Archive: A tale of two circles

bu Heather Plett
October 2011


Thank you Heather for sharing your story!

Eleven years ago, I felt like I was floundering in a dark place, working as a communications manager in a toxic environment with few models for effective leadership.

Then one day, I stumbled on the work of Christina Baldwin and Ann Linnea, and I could almost smell the sulfur as they struck a match to light a candle for me. Leadership in circles? What a revolutionary thought! I read everything I could get my hands on and started dreaming of a better way.

Fast forward eleven years, and I am now self-employed as a writer, teacher, and leadership mentor. Last year, I had the pleasure of studying with Christina at The Listening Well workshop and was able to thank her for that candle in the dark.

A month later, I started teaching my first writing class in the professional development program at the local university. Galvanized by my experience with Christina and the other women, I entered the classroom determined to bring circle into the way I taught. I started by ringing the bell at the beginning of class, I began each session with a check-in, and as much as I could, I tried to teach from a place in the circle rather than a hierarchical position at the front of the room.

I wish I could say it was a roaring success. It wasn’t. To start with, though it was a brand new building, it had been designed and furnished by people whose view of education was traditional and rigid. The furniture could barely be re-arranged and we were stuck in bare white boxy classrooms with essentially no natural light.

Worse than the restrictive space, though, was the general attitude (among administrators, students, and other teachers) that education is based on hierarchies and structures that shouldn’t be messed with too dramatically. Each time I deviated from the norm (and I did that quite regularly, whether or not it was about introducing circle), I was reminded by the students how different I was from other teachers. Some said it with appreciation, others did not. (One even went so far as to say that I should leave the teaching up to people who knew how to do it.)

The greatest challenge by far, though, was that my students were mostly reluctant writers who were in my classes simply to fill a required credit and didn’t want to go very deeply with their writing. Circle brought too much ambiguity for them. They wanted clarity - straightforward lectures and crisp templates they could fit their writing assignments into to ensure top marks. I had a hard time convincing them that there are no formulas for good writing.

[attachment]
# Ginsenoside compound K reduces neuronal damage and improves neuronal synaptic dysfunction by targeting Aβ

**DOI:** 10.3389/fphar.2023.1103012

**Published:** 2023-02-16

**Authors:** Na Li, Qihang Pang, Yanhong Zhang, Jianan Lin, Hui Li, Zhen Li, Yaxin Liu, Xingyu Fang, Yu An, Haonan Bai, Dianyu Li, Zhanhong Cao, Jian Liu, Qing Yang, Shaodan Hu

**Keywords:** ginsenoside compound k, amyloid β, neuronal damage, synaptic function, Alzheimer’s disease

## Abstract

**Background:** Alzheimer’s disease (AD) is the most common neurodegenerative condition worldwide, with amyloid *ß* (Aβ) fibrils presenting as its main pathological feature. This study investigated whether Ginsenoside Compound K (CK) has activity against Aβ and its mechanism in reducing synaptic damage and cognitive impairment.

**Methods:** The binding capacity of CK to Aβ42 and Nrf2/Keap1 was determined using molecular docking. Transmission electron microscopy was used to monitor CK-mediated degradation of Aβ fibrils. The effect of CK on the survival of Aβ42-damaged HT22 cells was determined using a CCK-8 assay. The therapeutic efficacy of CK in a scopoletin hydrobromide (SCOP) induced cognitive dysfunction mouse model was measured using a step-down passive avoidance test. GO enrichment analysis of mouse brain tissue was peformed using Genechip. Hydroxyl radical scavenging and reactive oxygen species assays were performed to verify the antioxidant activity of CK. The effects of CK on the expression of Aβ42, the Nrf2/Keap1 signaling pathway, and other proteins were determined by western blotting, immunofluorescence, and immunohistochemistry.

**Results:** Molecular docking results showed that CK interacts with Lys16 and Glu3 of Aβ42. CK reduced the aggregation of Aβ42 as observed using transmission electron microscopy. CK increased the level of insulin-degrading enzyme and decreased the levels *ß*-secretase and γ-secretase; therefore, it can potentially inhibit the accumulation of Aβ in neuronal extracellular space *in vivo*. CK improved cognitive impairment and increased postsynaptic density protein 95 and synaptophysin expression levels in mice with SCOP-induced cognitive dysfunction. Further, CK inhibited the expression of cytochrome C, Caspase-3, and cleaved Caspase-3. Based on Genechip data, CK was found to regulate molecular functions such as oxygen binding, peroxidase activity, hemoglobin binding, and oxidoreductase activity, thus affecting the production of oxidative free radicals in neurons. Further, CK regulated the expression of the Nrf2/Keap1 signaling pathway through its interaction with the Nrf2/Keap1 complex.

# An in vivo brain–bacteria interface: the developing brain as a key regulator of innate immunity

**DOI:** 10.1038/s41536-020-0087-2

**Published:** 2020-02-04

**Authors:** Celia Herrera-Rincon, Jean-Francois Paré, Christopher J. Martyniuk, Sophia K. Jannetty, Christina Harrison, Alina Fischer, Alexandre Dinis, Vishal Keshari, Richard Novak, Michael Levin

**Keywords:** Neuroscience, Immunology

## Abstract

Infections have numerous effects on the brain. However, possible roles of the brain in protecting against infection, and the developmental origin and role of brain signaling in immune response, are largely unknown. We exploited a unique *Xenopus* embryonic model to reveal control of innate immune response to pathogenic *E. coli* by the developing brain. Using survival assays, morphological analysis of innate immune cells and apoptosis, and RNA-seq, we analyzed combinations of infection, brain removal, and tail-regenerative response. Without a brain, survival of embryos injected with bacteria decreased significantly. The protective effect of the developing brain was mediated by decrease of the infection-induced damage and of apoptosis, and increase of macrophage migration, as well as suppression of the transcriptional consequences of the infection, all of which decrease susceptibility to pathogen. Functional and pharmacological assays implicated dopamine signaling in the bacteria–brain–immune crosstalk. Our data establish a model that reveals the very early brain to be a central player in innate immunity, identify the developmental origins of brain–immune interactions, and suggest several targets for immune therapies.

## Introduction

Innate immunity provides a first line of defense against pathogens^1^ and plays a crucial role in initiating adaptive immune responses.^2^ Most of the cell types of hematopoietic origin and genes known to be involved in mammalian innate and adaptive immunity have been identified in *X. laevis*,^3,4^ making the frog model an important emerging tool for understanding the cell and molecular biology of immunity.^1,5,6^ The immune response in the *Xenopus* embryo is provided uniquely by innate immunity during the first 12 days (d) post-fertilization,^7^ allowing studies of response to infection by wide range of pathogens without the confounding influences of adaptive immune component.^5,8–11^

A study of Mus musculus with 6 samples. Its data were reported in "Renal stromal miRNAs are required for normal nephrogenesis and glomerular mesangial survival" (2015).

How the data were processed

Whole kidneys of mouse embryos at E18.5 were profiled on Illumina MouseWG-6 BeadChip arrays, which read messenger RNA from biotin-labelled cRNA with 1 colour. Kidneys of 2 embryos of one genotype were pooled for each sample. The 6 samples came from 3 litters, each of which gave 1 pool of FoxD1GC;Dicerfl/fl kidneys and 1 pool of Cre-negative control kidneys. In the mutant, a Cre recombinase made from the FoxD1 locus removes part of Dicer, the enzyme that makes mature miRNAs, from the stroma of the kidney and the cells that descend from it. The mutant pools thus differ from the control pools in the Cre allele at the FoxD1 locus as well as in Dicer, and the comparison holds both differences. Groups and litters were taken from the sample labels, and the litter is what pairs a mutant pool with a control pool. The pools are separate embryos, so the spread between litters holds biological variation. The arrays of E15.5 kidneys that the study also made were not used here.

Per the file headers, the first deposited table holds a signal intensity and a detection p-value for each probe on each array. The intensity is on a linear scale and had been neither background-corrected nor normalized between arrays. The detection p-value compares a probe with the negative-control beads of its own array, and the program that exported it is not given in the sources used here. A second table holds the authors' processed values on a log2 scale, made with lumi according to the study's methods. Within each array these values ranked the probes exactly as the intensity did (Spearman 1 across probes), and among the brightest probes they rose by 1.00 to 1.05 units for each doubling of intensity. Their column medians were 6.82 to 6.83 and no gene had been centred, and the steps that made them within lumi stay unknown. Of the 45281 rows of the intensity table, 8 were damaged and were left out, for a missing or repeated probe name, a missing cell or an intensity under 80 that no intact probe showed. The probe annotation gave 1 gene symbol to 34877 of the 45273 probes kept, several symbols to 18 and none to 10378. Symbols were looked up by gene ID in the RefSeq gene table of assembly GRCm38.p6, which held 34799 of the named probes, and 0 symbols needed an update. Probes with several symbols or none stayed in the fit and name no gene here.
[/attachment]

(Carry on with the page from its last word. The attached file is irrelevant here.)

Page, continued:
In the end, I had to be satisfied with bringing the spirit of circle (and some of the elements, such as the check-in at the beginning) into the way I taught, even though the actual circle didn’t visibly show up.

I couldn’t stop thinking, though, that there must be a better way.

The story of Azar Nafisi in Reading Lolita in Tehran kept coming back to me. Refusing to submit to the university’s rules about wearing a veil, and fed up by the fact that the school banned many of the books that she loved and had spent her life studying, she went underground. Inviting her brightest female students to her house, she started a secret book club where controversial books were discussed. The book club quickly became a community where young women could speak their truth without fearing for their safety.

If Nafisi could take such a bold step away from the traditional education system, in a place where she risked her life to do so, why couldn’t I take a similar (though much less risky) step toward the kind of teaching I believed in?

As summer drew to a close, and I looked forward to two months away from the university before my classes started again in late Fall, I knew the time was right to leap. I rented a room at a local church, made a poster to hang in neighbourhood libraries, and sent out an email inviting people to sign up for “Creative Writing for Self Discovery”, an eight week class. Before long, eight people had signed up — the perfect number for an intimate circle.

During our first gathering, I gave a brief explanation of the circle and the elements that were involved — the candle, talking piece, and bell. Looking around the room, I saw a few surprised faces, but mostly I saw excitement and a sense that they had come to a comfortable place.

Before that first class had ended, each of us in the circle had shared at least one personal story from a place of vulnerability and trust. The circle held us, and we held each other. By the second class, we were a community.

The honesty and depth of the stories increased with each sharing. We heard of the loss of the dream of motherhood. We heard of relationships breaking apart. We heard of confusion and pain. We heard the stories we rarely dare to share with those we rub shoulders with day after day.

I went home at the end of each class feeling humbled and honoured to be able to sit at the rim of such an incredible circle.